Fashion Revolution’s Statement on the UK Modern Slavery Act and Accountability
According to reports published today, UK prime minister Theresa May is set to announce new transparency and compliance measures to enforce the Modern Slavery Act, which initially came into effect in 2015.
What is Modern Slavery?
According to Anti-Slavery International, Modern Slavery includes 1) forced labour: any work or services which people are forced to do against their will under the threat of some form of punishment, 2) bonded labour (or debt bondage): the world’s most widespread form of slavery, when people borrow money they cannot repay and are required to work to pay off the debt, then lose control over the conditions of both their employment and the debt, 3) human trafficking: the transporting, recruiting or harbouring people for the purpose of exploitation, using violence, threats or coercion and 4) child slavery: different from child labour, child slavery occurs when a child is exploited for someone else’s gain. It can include child trafficking, child soldiers, child marriage and child domestic slavery. The global fashion industry remains one of the biggest drivers of modern slavery, with more than one hundred billion pounds worth of garments at-risk of modern slavery imported into G20 countries in 2017 (Walk Free Foundation).
The Modern Slavery Act:
The Modern Slavery Act requires fashion brands and retailers operating in the UK to report annually on their efforts to eradicate modern slavery throughout their supply chains. Since its passing into law, the government has failed to hold brands accountable by ceasing to monitor who is reporting.
During Fashion Revolution Week 2019, we ran a joint campaign with international nonprofit Traidcraft Exchange, asking our community to sign a petition to demand that the UK government take responsibility for enforcing its own law. With nearly 5,000 signatures, the petition clearly demonstrated public support to strengthen the Modern Slavery Act.
Fashion Revolution Co-founder, Carry Somers, said of the petition, “Our recommendation is to begin by strengthening the UK Modern Slavery Act transparency requirements through a variety of actions and the first of these should be the establishment, maintenance and monitoring of an easily searchable public database of the companies that are required to comply, alongside a copy of their annual statements.”
What to watch for in Theresa May’s announcement:
We are pleased to see Theresa May continuing to take action on this critical issue (May supported the bill in 2015, when she served as home secretary), which affects the livelihoods of so many workers in the garment supply chain and beyond. According to reports, May will announce the creation of a government registry where brands’ Modern Slavery Act reporting will be made public. While we commend this step towards accountability, we also believe that transparency should extend to the brands that cease to disclose. There must be concrete consequences when brands fail to uphold their duty in reporting to ensure that compliance becomes the norm.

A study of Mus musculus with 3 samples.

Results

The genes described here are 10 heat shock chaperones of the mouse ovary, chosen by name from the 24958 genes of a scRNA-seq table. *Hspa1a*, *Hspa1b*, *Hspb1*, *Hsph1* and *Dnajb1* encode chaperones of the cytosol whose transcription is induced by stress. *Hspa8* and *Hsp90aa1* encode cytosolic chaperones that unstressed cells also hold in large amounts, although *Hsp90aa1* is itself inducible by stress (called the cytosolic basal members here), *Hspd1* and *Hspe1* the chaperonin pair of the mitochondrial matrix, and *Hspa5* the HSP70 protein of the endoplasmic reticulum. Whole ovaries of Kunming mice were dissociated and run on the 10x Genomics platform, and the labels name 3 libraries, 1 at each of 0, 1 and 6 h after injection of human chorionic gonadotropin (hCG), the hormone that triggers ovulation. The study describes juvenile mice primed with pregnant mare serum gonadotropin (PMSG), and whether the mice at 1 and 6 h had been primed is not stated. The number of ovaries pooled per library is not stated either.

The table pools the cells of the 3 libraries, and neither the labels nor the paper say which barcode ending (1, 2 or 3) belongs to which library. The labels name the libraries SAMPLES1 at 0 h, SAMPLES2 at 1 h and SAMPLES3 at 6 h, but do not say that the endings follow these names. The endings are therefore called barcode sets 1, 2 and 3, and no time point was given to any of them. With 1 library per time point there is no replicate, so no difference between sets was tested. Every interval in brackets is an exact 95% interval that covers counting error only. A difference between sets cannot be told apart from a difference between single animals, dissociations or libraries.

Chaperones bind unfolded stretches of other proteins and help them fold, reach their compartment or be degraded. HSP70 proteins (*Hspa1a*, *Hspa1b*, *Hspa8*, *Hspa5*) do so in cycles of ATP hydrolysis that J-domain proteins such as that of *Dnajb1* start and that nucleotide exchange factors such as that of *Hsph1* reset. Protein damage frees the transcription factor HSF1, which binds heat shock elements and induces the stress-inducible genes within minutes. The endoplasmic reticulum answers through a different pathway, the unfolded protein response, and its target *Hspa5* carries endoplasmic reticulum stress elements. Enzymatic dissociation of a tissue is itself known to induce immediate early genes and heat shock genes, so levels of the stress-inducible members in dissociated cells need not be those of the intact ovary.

With this announcement expected to take place this evening at the ILO’s International Labour Conference, we will be paying close attention to the commitments outlined, and hope for a proposal that increases both transparency and accountability.
The strengthening of the Modern Slavery Act represents one of the many needed solutional responses to human rights abuses in the fashion supply chain. This is why we believe that we must continue to ask #WhoMadeMyClothes and work towards more concrete actions to ensure a fairer, safer, and more transparent fashion industry.
Theresa May’s full speech at the ILO conference on 11/06 can be read in full here. In it, she committed to a public database, which would list the companies who report on Modern Slavery, making their annual statements fully transparent.
In response, you can read in excerpt from Traidcraft Exchange’s statement below:
“Here’s where the detail is important. We didn’t ‘just’ ask for a public database – we asked for a public list of all companies required to publish a modern slavery statement too. This is every company operating in the UK with an annual turnover of over £36 million. The list is critical to the database’s success – without it you can search the database as much as you like but you won’t be able to find the worst offenders because they won’t even have bothered to publish a statement. Customers, NGOs and investors won’t be able to know how serious a company is about doing its bit to end modern slavery.”
Now, we need to go a step further. We need to ask the government to list the companies who fail to comply and ensure that effective consequences are in place. Sign our Traidcraft Exchange petition here.